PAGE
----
Homeowner's insurance rates may rise
A story in the Boston Globe last week reported that the FAIR plan, Massachusetts home insurer of last resort, will soon submit to state regulators a request for a rate increase of 25 percent for Cape Cod and the Islands, and seek another price increase in the fall. About a third of all homes on the Cape and Islands are insured by the FAIR plan. If the rate increase is approved, the average FAIR annual premium on Cape Cod would rise from $1,306 to $1,632.50, according to Tuesday's Cape Cod Times.
The Massachusetts FAIR plan (Fair Access to Insurance Requirements) was created by the state legislature to serve as an insurer of last resort for homeowners who cannot obtain homeowners' insurance elsewhere. All companies who write insurance policies in Massachusetts belong to the Massachusetts Property Underwriting Association (MPIUA) and share the risks of claims against FAIR. If no regular insurance company will issue a policy, the homeowners can always go to the FAIR plan, originally at a somewhat higher premium than they might pay to a regular company.
According to Ken Ward, vice-president of Martha's Vineyard Insurance Agency, FAIR was originally created to provide insurance in inner-city neighborhoods which had been "red-lined" by insurance companies. However, because catastrophic hurricanes in Florida and New Orleans have raised the specter of huge coastal damage claims against Massachusetts companies, more and more companies are drastically limiting their exposure to such claims. In effect, hurricane-vulnerable areas are also being "red-lined."
Ironically, the problem is not that there have been catastrophic claims on the Cape or on the Islands, Mr. Ward explained. In fact overall homeowners' claims have remained at the same level or even decreased slightly. However, it is standard practice in the industry for insurance companies protect themselves against ruinous claims by buying "reinsurance" from companies that insure insurance companies. Because of disasters like hurricane Katrina, the escalating cost of reinsurance is driving companies away from writing policies for coastal properties. According to Mr. Ward, when the cost of reinsurance exceeds 35 percent of the premium, the insurer can't make money and may withdraw from a region entirely or decline to renew some of its policies.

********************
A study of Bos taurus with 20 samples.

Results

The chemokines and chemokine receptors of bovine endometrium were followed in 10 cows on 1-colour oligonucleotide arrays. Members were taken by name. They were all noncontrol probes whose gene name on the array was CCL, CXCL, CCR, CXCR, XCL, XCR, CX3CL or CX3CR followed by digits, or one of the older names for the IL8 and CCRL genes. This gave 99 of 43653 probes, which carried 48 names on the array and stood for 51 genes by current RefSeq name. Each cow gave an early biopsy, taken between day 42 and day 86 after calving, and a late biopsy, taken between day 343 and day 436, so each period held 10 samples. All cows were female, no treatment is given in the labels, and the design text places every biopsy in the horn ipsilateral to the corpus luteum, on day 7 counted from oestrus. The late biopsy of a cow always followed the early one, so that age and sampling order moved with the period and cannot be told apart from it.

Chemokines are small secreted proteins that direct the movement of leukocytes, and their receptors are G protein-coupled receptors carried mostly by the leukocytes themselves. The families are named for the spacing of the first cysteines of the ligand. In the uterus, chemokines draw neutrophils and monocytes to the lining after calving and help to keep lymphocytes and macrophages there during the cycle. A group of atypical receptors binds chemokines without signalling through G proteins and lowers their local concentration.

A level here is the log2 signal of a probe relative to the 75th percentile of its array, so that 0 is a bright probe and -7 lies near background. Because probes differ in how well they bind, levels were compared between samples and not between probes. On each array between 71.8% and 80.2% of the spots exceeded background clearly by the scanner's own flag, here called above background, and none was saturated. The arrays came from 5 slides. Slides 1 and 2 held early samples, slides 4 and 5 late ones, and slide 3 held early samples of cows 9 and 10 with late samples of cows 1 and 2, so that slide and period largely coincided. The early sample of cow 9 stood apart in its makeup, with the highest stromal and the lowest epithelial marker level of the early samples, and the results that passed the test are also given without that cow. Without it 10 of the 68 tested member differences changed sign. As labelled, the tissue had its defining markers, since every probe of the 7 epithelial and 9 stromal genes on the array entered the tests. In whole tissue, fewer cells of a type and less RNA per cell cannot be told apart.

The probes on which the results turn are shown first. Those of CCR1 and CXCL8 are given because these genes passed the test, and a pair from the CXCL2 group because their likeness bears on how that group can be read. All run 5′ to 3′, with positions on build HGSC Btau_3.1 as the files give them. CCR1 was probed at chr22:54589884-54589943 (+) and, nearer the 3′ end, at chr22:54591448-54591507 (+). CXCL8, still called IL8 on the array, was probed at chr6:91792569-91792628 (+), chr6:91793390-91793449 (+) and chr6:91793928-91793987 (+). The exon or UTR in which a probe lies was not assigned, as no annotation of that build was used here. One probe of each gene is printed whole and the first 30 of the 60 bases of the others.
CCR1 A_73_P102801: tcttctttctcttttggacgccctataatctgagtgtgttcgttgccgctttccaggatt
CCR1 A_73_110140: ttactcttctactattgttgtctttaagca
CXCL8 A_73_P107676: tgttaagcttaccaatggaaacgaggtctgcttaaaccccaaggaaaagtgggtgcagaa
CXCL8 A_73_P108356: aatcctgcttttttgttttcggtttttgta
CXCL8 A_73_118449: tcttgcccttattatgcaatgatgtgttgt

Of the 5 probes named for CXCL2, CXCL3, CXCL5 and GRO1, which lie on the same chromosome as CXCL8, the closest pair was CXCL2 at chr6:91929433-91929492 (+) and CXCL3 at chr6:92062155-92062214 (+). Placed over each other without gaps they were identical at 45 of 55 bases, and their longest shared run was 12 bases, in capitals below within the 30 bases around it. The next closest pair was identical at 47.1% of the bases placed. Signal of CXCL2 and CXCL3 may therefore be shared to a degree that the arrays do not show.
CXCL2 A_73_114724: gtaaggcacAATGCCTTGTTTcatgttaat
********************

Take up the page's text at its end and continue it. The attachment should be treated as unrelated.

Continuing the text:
In a telephone interview, Jack Golembeski, president of the FAIR plan, told The Times that all regular insurance companies remaining on the Cape and Islands have raised their rates, to the point that the FAIR plan is sometimes not the most expensive alternative. "It has been five or six years since we had a significant rate increase," he said.
The FAIR rates may now be lower than some regular plans, not the reason FAIR was created. Mr. Golembeski told The Times, "Our rates are becoming more and more competitive, and we don't want to be competitive." The Globe quoted him, "The FAIR plan is becoming a market of choice and not a market of last resort."
Insurance commissioner Julianne Bowler rejected a rate-increase request from the FAIR plan on June 30. Mr. Golembeski told The Times, "There were some aspects [of our application] with which she was uncomfortable, but she said she would consider a modified request within 30 days." He conceded that Ms. Bowler's willingness to hear a new request might be considered a good sign, and said that the new application would be filed soon.
Mr. Ward warns that all homeowners can expect to see insurance rate increases continue over the next few months, for other insurance carriers as well as for the FAIR plan, because of the continued risk of a catastrophic storm and the rising costs of reinsurance.